Sunday, May 6, 2018

Hermit Atop Mt Pulag

Dr Abe V Rotor
Living with Nature School on Blog

 Before I reached forty, and they say life begins at forty, I dared the challenge to conquer Mt Pulag, the third  highest mountain in the Philippines.  Which I did, but in a most unusual way.

The truth is, I got lost before reaching its summit, so that I would rather say, Mt Pulag conquered me. And this is the story.

It was a long trek from the dead end of a logging trail where we parked our Land Cruiser. Up we climbed, with backpacks full, twenty degrees at first, and increasing to something like forty. It was the growing fatigue that made the slope steeper. 

“It’s a long way to go,” our guide, a native of the place said, pointing up ahead. Our path was barely visible because of overgrown vegetation and low clouds that began to settle into fog.  He would walk ahead, trace the path and signal us to proceed. With a bolo he hacked through our way and warned us not to lose our foothold. It was a precipitous climb. I did not look down.   

Soon we were in the thickest part of the forest. The rays of the setting sun peeped through the foliage and trunks creating three dimensional effects on the closely growing large pine trees. The forest floor was covered with thick litter of needle leaves that slowly fell off, a characteristic of evergreen.  It was so inviting, I thought we would be spending the night here.

But our mentor and team leader Dr Rudy del Rosario assured us there is a hut by the lake just before reaching the summit. This spurred us to get a second wind.

We emerged from the forest and found a clearing, actually the lower grassland of the mountain, the transition zone.  It is likened to the tree line as you go up to the North Pole.  

It is not that worst on Mt Pulag though.  But some similar ecological patterns are found here. For example, the trees growing just below the grassy summit make a grotesque scene appropriate for a horror movie or an alien landscape. Here the wind howls and momentarily silence reigns.  It is eerie and deafening. Then suddenly it comes again bringing in rain. I can only imagine what it must be during a typhoon.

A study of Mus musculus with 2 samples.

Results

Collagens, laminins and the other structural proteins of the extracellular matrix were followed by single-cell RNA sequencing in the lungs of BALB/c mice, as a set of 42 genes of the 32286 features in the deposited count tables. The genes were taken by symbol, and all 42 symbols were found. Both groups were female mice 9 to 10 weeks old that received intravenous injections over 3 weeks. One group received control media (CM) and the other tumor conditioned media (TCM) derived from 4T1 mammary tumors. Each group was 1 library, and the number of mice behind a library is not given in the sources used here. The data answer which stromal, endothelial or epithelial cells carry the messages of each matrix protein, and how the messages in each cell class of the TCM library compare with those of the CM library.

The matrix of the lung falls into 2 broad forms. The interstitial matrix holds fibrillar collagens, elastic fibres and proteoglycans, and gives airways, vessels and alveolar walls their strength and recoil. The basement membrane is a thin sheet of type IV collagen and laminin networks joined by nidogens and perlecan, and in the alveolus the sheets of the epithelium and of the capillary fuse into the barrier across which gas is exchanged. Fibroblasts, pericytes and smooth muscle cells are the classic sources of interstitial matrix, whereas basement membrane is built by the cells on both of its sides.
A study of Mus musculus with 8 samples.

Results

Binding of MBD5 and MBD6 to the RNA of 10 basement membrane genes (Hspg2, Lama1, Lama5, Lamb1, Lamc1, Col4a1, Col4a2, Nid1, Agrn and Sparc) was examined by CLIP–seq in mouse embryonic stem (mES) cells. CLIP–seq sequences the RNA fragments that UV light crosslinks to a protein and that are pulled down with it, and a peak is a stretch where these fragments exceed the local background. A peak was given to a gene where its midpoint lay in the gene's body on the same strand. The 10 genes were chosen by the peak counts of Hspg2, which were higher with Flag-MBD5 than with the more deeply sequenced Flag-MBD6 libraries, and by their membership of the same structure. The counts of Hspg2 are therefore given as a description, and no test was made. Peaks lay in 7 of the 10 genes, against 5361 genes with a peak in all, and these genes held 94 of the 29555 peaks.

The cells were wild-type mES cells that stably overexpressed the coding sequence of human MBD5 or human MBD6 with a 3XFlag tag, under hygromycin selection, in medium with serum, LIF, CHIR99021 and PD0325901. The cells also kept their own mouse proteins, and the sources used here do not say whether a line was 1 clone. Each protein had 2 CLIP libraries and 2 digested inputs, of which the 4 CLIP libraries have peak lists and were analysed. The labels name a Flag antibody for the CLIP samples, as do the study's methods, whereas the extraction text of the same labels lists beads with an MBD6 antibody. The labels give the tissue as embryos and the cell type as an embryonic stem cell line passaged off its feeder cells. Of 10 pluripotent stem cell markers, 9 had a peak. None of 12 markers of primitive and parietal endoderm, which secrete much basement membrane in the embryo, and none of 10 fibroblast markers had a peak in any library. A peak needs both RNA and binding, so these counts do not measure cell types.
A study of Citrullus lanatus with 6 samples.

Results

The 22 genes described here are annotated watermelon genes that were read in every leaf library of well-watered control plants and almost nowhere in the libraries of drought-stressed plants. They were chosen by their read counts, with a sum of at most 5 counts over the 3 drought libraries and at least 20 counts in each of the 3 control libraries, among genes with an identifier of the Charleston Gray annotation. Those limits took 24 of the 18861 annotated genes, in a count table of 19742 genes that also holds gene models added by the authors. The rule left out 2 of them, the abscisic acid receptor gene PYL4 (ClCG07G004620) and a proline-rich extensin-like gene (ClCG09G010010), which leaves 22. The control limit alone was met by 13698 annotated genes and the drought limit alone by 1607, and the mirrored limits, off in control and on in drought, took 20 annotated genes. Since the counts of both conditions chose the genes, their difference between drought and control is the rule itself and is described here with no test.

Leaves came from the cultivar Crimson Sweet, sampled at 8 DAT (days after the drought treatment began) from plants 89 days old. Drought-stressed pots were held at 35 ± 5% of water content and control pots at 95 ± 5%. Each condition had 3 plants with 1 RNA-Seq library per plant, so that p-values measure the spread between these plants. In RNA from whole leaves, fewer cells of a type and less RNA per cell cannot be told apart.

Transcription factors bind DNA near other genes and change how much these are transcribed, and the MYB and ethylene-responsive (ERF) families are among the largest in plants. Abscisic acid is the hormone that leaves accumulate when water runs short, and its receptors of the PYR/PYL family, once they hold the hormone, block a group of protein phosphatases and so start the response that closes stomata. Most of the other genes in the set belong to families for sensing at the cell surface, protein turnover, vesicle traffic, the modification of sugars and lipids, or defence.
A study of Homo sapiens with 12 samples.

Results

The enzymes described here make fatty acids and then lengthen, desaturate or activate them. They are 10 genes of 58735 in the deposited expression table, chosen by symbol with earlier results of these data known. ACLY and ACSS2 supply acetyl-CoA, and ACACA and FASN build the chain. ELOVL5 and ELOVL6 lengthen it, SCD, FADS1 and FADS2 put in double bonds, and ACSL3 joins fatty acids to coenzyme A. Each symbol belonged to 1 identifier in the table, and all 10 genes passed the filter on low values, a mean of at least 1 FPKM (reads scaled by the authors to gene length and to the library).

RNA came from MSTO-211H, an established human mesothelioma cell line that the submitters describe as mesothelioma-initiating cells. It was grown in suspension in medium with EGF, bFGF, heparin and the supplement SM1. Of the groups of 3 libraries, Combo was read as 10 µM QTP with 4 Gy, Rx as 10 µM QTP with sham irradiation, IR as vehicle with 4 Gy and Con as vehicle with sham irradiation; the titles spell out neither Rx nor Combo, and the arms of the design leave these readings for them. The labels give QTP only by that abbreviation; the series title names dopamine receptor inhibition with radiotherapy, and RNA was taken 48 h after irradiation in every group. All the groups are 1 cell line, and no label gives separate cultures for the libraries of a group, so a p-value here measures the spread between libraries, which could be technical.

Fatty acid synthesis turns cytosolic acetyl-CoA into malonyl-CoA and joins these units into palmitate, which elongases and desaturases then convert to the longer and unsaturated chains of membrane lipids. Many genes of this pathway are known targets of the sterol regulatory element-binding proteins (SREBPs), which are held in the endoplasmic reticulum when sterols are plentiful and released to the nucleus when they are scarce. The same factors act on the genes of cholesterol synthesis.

We pitched our tent beside the hut of a hermit, an old man who has secluded himself for the last twenty years. It reminded me of old Rip Van Winkle who slept for twenty long years on the Catskill Mountain somewhere in old New York, a short story written by Washington Irving in the 18th century.

Lakay Indo is different.  He was like Henry David Thoreau who secluded himself by the Walden Pond, in a clearing in the middle of a forest.  Here Thoreau the philosopher wrote a treatise between man and society, that he concluded ultimately, man cannot live alone.  He cannot detach himself from his community. Although Thoreau abandoned his dwelling by the Walden Pond after a year of isolation, he was able to produce one of the greatest treatises ever written about man’s relationship with his fellowmen, with nature, and above all, with himself..

Lakay Indo is not a writer like Thoreau. He is not idle like Rip. Now and then he would go down to the nearest village to sell anything he hunted or gathered from the forest in exchange for his provisions. If he wrote like Irving and Thoreau, or the monks in Tibet and by the Red Sea, what would be have written?   

We pitched our tent on the shore of the lake near the hut of Lakay Indo.  We ate supper just before it was dark. Here you could see more stars than in any other place.  You can draw the waning face of the moon.      

Evening settled down gently. 

“You brought the good weather.” He said after greeting us. Then he turned religious, “And God is happy for all of you.”  He gazed at the starry sky and the cloud below.  We were nearly three kilometers above the sea, higher than the clouds.

“And He must be very happy for you in all these years.” Complimented Jun a teacher who, like the four of us, was taking up graduate studies. 

The kindly old man shifted his position to face us seated on the grassy slope of the lake in flickering light of a small bonfire.

I imagined a most beautiful scenario on the shores of Galilee more than two centuries ago.~

Mount Pulag (Filipino: Bundok Pulag) is Luzon's highest peak at 2,926 metres (9,600 ft) above sea level. The borders between the provinces of Benguet, Ifugao, and Nueva Vizcaya meet at the mountain's peak. It is the third highest mountain in the Philippines, next to Mount Apo and Mount Dulang-dulang.